Which sleeping position is best for you?
13 seeds

By Benjamin Semmens, Registered Nutritionist (BHSc)

13 Seeds is back again with another edition of Friday Q&A, a digital series where we answer all your health and nutrition-related questions.

This week’s question came from Desmond: “I’ve been waking up with a lot of pain in the back and knees, is there anything I can do?”

When it comes to getting a good night’s rest, your sleeping position is just as important as the number of hours you’re able to clock in every night. Knowing what sleeping position is right for you could not only improve your overall health, but can also reduce aches, pains and stiffness in the morning.

Read on for a full breakdown of the three main sleeping positions and how to decide which one is best for you (and your joints).

1. Back

Let’s start with the sleep position that research suggests has the most health benefits – on your back. When you sleep on your back you are working with gravity, not against it, that can help to reduce pressure on your spine and joints, which is perfect for anyone who suffers from back pain or arthritis. Sleeping on your back can also reduce the risk of developing facial wrinkles, that can occur when your face is pressed against the pillow.

 However, this position is less than ideal for snorers or individuals with sleep apnoea because it may trigger breathing difficulties. Be forewarned if you also have gastro-oesophageal reflux disease (GORD) or just ate a big meal, it may also spike up your acid reflux.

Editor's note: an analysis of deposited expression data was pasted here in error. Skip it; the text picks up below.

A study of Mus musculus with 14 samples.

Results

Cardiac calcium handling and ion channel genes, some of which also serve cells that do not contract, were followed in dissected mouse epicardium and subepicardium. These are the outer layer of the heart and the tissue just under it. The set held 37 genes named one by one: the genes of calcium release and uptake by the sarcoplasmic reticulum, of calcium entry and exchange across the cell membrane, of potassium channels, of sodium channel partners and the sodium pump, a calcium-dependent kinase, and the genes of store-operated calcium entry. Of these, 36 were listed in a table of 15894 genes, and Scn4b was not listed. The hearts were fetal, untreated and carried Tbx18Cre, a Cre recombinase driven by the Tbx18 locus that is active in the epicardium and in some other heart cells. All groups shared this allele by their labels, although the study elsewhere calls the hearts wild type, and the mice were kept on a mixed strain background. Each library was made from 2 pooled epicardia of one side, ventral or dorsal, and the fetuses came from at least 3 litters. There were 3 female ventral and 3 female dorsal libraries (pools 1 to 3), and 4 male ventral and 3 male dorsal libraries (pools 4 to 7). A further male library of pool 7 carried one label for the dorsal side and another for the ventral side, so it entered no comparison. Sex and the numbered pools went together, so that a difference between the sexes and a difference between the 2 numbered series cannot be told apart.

To optimize sleeping on your back, use a medium to firm mattress and place a small pillow underneath your legs that helps to support the spine. A thinner head pillow is best to avoid any straining on your neck and shoulders

2. Side

Sleeping on your side is the most popular sleep position and is also great for anyone with lower back pain. It’s also the ideal position if you're pregnant and can help reduce snoring and sleep apnoea. In addition, this position is best for digestion and reduces acid reflux. To get the most out of this position, place a pillow between your knees, this can help to take the load off your lower back and hips which can lead to tightness or soreness in the morning (especially if you suffer from joint pain or stiffness).

On the downside, this position can also cause stiffness in the neck and shoulders. If you’re a side sleeper, you’ll need a thicker pillow to avoid this problem. Soft mattresses are best for side sleepers because it supports the contour of your spine.

3. Stomach

Out of all the sleep positions, sleeping on your stomach is the least popular and may be the worst for your health. This position can cause both neck and back pain by straining your muscles and joints. There are a few handy tricks you can use if you can’t sleep any other way. Pretend you’re a skydiver and “free fall” with your arms and legs flared out. This can help relieve any pressure at your hips and shoulders.

Placing a pillow under your lower stomach and using a thin head pillow can also help ease the load on your spine and reduce back pain. You can even try changing the direction your head faces each night if one side of your neck and shoulders is tighter than the other. For all our belly sleepers, invest in a firm to hard mattress to help keep your spine aligned and prevent any pain or stiffness.

Congratulations to Desmond who won a $20 gift voucher just for asking Ben a question! If you have any other questions or need some extra support with your health, feel free to email our head nutritionist Ben at and subscribe to our blog for more updates.


This article does not constitute medical advice and does not take into consideration your personal circumstances. Please see your medical professional before implementing the above.